The Federal Communications Commission is challenging a bid by Elon Musk’s SpaceX for $886 million in rural broadband subsidies, saying some of the money appeared headed for serving parking lots and airports with satellite-delivered broadband.
The company was among 197 winning bidders from an auction last year to be sent letters Monday by the FCC in an effort the agency said was an attempt to “clean up” the auction’s results. Other letter recipients included Charter Communications Inc., which won bids for $1.2 billion in subsidies, and Lumen Technologies Inc. which won $262 million.
The letters offer providers an opportunity to withdraw their funding requests from those places already with service or where significant questions of waste have been raised, the FCC said.
Also Monday, the FCC said it was ready to authorize more than $311 million in broadband funding across 36 states through the fund.
Space Exploration Technologies Corp., as it’s formally known, didn’t immediately respond to an email seeking comment, and a Lumen representative said the company was reviewing its letters.
Charter earlier told the FCC some of the places where it planned to use the subsidy already are slated for new broadband, and shouldn’t have been included in the auction. “The majority of these locations actually already have a provider offering service today or one that will soon do so,” the company said in a statement. “Support dollars should be preserved for deployment in truly unserved areas.”
The auction, known as the Rural Digital Opportunity Fund, is a centerpiece of FCC efforts to help extend broadband to areas with little or no service. The agency on Dec. 7 announced winning bidders to share $9.2 billion in subsidies over 10 years. The FCC considered 417 winning applicants.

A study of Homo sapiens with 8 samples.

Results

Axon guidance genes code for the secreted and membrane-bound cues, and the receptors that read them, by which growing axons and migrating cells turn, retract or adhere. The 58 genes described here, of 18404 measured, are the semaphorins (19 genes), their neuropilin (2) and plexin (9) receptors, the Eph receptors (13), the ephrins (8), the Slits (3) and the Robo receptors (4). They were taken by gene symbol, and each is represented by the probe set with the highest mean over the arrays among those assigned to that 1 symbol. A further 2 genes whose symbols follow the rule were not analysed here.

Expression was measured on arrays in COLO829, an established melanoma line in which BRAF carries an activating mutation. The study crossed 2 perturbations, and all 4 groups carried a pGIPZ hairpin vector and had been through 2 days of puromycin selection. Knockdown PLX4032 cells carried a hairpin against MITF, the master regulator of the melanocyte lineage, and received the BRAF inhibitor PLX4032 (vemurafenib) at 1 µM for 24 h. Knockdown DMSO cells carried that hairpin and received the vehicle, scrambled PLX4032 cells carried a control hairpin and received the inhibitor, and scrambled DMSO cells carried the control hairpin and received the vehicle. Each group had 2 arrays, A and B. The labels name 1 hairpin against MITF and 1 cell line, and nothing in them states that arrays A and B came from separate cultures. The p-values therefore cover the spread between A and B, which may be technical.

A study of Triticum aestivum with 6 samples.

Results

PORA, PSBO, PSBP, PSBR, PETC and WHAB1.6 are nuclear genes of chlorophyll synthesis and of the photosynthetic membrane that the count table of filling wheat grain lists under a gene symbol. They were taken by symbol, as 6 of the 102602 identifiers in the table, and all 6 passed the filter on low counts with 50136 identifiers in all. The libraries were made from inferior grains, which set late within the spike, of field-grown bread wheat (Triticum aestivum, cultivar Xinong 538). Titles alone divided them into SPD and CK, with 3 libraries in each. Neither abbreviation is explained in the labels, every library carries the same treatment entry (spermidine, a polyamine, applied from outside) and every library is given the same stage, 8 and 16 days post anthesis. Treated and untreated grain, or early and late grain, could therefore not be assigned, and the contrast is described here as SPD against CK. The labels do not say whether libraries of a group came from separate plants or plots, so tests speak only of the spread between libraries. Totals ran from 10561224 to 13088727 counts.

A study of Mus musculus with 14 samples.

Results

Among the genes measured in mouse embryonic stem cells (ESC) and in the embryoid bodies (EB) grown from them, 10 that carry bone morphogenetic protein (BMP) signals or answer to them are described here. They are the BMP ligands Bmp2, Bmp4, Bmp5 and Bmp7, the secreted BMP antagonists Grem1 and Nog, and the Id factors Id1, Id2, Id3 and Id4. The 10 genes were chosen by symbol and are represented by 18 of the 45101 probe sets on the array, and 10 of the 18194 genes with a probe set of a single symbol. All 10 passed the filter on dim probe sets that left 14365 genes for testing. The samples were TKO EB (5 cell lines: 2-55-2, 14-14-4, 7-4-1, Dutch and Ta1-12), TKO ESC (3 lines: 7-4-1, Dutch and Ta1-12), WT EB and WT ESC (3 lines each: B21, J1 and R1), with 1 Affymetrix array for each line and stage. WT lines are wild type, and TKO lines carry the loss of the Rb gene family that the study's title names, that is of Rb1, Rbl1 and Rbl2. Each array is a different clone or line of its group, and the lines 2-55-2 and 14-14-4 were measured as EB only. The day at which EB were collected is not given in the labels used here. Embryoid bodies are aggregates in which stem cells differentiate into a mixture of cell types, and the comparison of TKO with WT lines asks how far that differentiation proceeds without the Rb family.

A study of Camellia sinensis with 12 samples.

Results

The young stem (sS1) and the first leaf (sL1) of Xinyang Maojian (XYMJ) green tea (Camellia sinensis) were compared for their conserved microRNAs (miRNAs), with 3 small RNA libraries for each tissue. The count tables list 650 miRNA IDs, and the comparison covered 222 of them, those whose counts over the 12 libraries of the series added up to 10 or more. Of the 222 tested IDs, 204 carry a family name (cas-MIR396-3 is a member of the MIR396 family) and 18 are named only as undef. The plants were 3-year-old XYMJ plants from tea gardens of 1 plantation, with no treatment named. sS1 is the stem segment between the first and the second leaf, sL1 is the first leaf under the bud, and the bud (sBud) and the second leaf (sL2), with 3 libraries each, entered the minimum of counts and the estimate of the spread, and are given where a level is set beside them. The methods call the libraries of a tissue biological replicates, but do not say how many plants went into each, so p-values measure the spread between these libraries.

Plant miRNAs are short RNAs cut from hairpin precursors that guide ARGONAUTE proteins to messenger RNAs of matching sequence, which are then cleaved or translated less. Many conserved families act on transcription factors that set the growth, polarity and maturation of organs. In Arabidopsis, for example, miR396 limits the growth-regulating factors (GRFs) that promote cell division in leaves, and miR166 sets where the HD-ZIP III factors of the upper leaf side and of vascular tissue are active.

SpaceX, among the top winners, had applied for $886 million in subsidies for service from its satellite fleet that’s already aloft. On Monday the FCC sent the company a 131-page list of census blocks. In those places questions had been raised about whether the proposed spending was duplicative or wasteful, the agency said in a letter.
“This program can do great things, but it requires thoughtful oversight,” said FCC Acting Chairwoman Jessica Rosenworcel. “That’s why we are refocusing the program on unserved areas and putting winning bidders on notice of their obligation to ensure that support goes to the areas that need it.”
The FCC in a press release about the letters cited “complaints that the program was poised to fund broadband to parking lots and well-served urban areas.”
The auction that began in October was designed to guide officials directing a pot of federal subsidies that are funded by fees on consumer telephone bills. The FCC designated discrete areas, and invited bids. The companies that offered to build broadband for the lowest price emerged as winners of subsidies.
SpaceX was approved last year for its plan to provide service to 642,925 locations in 35 states. But consumer advocates said those locations include places that didn’t fit the program’s goal of bringing service to rural people beyond the reach of broadband networks.
SpaceX’s chosen locations include two slivers by the Harlem River in the Bronx. Other spots selected by SpaceX include the terminals at Newark Liberty International Airport and Miami International Airport, according to research by the policy group Free Press.
The decisions were made with the FCC under Republican control, before the switch to Democratic leadership as administrations changed. Earlier, 160 House and Senate members urged the FCC to scrutinize recipients.
The policy group Free Press calculated that $111 million of Starlink’s subsidy is due to urban deployments. More than $700 million of the overall $9.2 billion in subsidies was awarded for deploying broadband in non-rural areas, the policy group said.
The program “was riddled with errors, waste and insufficient oversight,” the group said in a news release Monday.